Turkey, Israel to work on practical issues at first, says Knesset head
Deniz Çiyan - JERUSALEMTurkey and Israel should begin focusing on practical issues as they repair their relationship following a six-year hiatus due to the Mavi Marmara massacre, Israel’s parliamentary speaker has said, adding that focusing on issues that divide the two nations at the outset would lead nowhere.
“I would strongly suggest that in the initial stage [cooperation between Turkey and Israel] should be around practical issues because in any meeting of parliamentarians, I don’t think that a very serious … argument about issues that divide us will lead to practical solutions,” Knesset Speaker Yuli-Yoel Edelstein told a group of Turkish journalists on March 6.
“But once we try to cooperate we can have legitimate differences and issues,” he told the journalists, who were staging the first such visit to Israel since the two countries began normalizing their relationship in mid-2016. “The roadmap is about building platforms on practical issues that we can work on.”
Turkey and Israel reached a rapprochement deal last year after six years of strained ties due to an Israeli commando raid on the Mavi Marmara flotilla that killed 10 Turkish citizens as they attempted to bring aid to Gaza.
Edelstein said that although there was a Turkey-Israeli friendship group in the Knesset, there was no similar group in the Turkish parliament.
He also invited the Turkish speaker of parliament, İsmail Kahraman, to Israel, while also saying he would be happy to visit Ankara if an invitation is extended.
Commenting on the Syrian issue, Edelstein said both Turkey and Israel are neighbors to the same turmoil in the country and that the two countries were both interested in the stability of the region.
“Yes, there could be tactical differences and approaches, but in terms of the end game, both countries are interested in stability,” Edelstein said, adding that both Turkey and Israel wanted to see the end of the massacres in Syria and, in Turkey’s case, a decrease in the amount of refugees arriving in the country.
“It’s about possible solutions, not ideal solutions,” he said, stating that Israel and Turkey had to “strategically address regional issues.”
“There will obviously be difference of approach, [but] the end result should be acceptable to all players,” Edelstein said.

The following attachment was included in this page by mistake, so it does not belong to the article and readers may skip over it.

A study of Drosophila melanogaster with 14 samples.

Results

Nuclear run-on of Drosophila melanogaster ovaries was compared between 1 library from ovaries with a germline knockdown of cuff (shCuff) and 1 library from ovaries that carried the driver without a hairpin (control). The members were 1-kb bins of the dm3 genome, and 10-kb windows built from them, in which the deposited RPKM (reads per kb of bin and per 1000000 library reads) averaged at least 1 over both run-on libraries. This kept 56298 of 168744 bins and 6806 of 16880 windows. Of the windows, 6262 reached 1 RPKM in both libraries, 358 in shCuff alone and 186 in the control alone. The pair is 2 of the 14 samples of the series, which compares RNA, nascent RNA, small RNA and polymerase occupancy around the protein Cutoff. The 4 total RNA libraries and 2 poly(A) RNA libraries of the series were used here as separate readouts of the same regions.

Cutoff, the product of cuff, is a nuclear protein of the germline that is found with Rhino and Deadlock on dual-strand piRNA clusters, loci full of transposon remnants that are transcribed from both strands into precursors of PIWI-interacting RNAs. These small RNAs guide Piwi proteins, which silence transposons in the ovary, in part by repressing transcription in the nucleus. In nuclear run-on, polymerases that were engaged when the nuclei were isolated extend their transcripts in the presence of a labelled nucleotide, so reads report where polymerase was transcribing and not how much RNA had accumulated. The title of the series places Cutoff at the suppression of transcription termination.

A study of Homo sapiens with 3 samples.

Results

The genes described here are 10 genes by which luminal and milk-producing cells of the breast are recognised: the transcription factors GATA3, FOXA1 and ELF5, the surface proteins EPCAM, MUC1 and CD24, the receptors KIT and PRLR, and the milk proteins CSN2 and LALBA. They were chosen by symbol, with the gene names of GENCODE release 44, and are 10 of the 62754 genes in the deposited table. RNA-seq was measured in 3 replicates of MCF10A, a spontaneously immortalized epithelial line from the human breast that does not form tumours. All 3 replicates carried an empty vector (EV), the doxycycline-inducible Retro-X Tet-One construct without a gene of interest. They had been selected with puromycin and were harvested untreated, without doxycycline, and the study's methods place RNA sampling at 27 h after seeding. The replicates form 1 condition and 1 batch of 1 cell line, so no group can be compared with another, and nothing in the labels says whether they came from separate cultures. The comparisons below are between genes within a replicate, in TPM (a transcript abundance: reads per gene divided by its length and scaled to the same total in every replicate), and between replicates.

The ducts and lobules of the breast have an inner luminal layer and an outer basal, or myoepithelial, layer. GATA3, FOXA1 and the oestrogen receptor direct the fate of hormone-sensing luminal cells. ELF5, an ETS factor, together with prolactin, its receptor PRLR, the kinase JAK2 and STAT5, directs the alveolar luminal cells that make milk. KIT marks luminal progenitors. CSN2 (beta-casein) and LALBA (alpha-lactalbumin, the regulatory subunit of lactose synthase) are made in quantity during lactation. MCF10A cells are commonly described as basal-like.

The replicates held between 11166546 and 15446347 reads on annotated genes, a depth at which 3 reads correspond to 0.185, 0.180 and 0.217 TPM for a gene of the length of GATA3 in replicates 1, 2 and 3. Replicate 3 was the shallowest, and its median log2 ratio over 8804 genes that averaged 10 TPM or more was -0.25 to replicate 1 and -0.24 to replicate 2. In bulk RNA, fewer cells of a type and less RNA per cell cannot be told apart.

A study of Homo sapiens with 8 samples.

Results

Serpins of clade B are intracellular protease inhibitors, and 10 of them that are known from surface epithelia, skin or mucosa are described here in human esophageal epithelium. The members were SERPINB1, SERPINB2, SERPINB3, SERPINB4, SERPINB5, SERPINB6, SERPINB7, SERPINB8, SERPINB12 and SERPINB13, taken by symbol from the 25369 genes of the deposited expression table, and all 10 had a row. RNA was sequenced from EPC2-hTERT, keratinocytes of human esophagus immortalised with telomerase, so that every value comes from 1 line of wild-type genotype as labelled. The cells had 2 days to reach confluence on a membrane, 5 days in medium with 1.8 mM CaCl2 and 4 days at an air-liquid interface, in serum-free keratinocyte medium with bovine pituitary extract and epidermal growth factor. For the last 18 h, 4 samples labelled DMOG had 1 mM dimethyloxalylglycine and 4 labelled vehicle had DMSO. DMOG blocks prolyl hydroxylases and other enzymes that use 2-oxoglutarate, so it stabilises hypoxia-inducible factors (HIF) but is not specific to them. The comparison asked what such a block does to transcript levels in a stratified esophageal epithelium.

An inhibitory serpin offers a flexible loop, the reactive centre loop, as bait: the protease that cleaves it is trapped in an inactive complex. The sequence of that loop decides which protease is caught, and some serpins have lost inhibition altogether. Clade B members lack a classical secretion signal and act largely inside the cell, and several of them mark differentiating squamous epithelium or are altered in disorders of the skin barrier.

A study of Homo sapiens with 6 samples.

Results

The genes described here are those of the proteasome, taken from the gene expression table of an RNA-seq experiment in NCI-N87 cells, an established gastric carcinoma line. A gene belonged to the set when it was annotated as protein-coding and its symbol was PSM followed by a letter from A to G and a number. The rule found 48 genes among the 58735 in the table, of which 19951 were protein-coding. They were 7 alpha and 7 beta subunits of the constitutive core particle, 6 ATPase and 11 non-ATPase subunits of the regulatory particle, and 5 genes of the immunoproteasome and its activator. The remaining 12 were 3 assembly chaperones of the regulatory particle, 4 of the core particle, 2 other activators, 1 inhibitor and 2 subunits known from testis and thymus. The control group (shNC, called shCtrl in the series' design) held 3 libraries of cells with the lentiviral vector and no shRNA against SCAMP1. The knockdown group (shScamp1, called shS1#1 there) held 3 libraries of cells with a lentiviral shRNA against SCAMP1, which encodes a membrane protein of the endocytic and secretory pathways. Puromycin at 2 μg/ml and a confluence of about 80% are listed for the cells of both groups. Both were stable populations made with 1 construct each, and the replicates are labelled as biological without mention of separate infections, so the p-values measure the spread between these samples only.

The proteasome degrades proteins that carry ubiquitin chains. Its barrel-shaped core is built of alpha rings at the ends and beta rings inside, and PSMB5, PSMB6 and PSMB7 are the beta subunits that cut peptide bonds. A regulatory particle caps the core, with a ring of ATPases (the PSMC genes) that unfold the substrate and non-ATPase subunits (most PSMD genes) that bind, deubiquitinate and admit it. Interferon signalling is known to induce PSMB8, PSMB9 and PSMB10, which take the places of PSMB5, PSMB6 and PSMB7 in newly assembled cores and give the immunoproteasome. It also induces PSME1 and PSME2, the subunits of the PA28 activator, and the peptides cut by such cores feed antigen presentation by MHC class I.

‘Global responsibility’ on terror
The head of the Turkey-Israel friendship group in the Knesset, Mickey Levy, said there was a global responsibility to fight terror and that Syrian President Bashar al-Assad could not do anything on his own, obligating other states to sit down and reach an agreement.
When asked about Turkey possibly having a different view than Israel on the future of Jerusalem, Levy, a Jew with roots in the southeastern Anatolian district of Cizre, said that if “Turkey wants to talk only about Jerusalem, there is no way.” “Jerusalem belongs to the Jewish people,” Levy added.
‘No anti-Semitism in Turkey’
Tzachi Hanegbi, a minister of regional cooperation and acting minister of communications, told the group of Turkish journalists that there was no anti-Semitism in Turkey.
“There is no indication that [the Jewish community in Turkey] don’t feel safe in Turkey. They are tense like all Turkey inhabitants, Muslim or Jew, but they are comfortable with the fact that there is no anti-Semitism in Turkey whatsoever,” Hanegbi said March 6.
“The establishment and the government are encouraging the security forces to make sure that nothing happens,” said Hanegbi, adding that he believed the only place they was more fragile with regards to Jews was France.
Asked if he would visit Turkey this summer as he has previously visited the country many times, Hanegbi said he would wait to go to Turkey for a vacation.
“This year, I would prefer to go to Greece and Cyprus, but it will change in the future,” Hangebi said.